The loss of millions of dollars in state grant money for road projects next year, is prompting the Santa Rosa County Commission to explore other revenue streams. One possibility is a hike in the county’s gas tax.
Since 2010, the Small County Outreach Program at the Department of Transportation has funneled nearly $7 million to Santa Rosa for local road projects. Officials are now looking at how to offset losing eligibility for future grants because of a growing population. Commission Chairman Don Salter says that growth has landed the county somewhere between a “small” and a “not yet large” county.
“With that said, we’ve lost those transportation grants that we depended on each year to help pave, or resurface some of our large county roads," said Salter. “We were eligible for two grants a year. In some years, it was anywhere between $500,000 and $1 million.”
According to the Census Bureau, Santa Rosa’s population was 151,000 in 2010 – exceeding the 150,000 limit for SCOP eligibility. An estimate released in 2013 shows the population is now more than 161,000.
SCOP grants pay 75% of approved road projects, and the counties pick up the remainder. Salter says if nothing else, there is a regional precedent for a gas tax increase.
“Escambia County last year raised their gas tax to offset some of their public transportation,” Salter said. “Okaloosa County had to do the same thing to cover some of their drainage problems. But the gas tax was designed to specifically cover transportation costs.”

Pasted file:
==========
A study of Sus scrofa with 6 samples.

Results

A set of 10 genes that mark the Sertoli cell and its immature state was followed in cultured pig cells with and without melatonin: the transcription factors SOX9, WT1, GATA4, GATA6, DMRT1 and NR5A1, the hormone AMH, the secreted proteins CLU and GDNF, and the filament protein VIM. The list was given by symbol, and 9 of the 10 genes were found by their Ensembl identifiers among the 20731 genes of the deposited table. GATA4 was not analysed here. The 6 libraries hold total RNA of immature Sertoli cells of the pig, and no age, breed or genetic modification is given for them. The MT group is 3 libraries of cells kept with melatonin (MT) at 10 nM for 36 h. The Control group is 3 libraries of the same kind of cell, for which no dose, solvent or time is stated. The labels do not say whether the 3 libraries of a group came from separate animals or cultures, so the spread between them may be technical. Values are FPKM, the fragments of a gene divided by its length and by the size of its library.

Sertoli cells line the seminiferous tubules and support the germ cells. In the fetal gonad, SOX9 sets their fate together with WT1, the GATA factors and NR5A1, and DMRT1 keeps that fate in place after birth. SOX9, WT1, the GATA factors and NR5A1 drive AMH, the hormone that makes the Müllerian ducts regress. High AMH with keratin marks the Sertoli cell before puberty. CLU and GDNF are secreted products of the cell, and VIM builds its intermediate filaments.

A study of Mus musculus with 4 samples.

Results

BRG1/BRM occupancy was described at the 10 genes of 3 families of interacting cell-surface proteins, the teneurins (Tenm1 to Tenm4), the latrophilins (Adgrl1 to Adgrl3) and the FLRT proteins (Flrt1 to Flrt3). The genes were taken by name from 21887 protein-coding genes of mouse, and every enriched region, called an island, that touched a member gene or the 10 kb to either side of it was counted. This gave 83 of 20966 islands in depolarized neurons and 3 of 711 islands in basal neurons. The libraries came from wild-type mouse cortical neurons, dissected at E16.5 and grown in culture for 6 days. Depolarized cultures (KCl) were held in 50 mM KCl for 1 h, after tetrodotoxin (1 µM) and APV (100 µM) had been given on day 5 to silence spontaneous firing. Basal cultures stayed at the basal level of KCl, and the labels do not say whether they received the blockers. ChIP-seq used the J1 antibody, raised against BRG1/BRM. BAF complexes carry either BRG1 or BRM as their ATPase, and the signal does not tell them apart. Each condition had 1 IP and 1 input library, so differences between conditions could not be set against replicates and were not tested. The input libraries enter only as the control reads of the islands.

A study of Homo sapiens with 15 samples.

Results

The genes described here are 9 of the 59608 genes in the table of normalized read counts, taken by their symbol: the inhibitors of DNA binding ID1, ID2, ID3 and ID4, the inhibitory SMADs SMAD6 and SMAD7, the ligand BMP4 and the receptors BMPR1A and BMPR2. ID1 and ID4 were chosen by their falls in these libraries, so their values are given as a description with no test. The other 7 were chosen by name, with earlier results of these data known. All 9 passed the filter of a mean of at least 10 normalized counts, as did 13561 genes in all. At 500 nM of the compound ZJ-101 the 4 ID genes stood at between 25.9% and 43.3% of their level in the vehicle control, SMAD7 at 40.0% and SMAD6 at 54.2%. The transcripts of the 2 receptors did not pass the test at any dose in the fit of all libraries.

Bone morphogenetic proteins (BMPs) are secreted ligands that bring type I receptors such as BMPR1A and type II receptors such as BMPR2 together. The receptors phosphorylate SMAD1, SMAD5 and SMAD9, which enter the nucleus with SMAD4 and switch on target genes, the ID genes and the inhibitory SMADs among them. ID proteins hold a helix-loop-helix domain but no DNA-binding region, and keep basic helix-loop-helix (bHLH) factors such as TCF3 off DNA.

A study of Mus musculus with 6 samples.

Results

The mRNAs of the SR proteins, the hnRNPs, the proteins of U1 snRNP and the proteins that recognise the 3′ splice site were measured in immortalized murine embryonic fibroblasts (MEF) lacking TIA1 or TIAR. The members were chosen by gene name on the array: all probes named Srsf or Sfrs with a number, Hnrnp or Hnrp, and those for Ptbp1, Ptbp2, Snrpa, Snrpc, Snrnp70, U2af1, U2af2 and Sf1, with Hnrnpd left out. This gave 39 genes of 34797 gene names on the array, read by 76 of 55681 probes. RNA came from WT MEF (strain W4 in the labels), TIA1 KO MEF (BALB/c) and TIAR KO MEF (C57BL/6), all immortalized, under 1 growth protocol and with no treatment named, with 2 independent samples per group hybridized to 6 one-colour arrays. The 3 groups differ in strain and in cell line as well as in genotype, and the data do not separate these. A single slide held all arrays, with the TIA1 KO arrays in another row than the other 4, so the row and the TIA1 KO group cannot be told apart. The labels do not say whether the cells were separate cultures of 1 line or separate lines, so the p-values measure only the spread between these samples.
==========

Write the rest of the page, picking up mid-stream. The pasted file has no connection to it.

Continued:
The tax has remained a nickel a gallon for the better part of a quarter-century. At this point, Salter’s unsure of just how much of a hike would be considered, if any. Santa Rosa County appears to be very limited in exploring other possible revenue streams. For one thing, there’s no Local Option Sales Tax as the one in Escambia County.
Salter and his fellow Commissioners plan to hold a workshop on January 28 to address the overall issues facing the Santa Rosa County. Replacing the SCOP funding is expected to be at or near the top of the agenda.
The theme for the workshop, says Salter, is “Quit Kicking the Can Down the Road.”
“We’ve got a lot of projects like (replacing) the courthouse and some of our transportation projects, where we’ve known that need is going to be there,” said Salter. “And we’ve kicked the can down the road, kicked the can down the road. And that’s caught up with us now, so we’re going to have to figure out how to deal with that.”
If the Commission decides to raise the gas tax, Salter recognizes it could be a tough sell to constituents. But he says it could become a situation of “pay now (gas tax), or pay more later (a higher property tax).”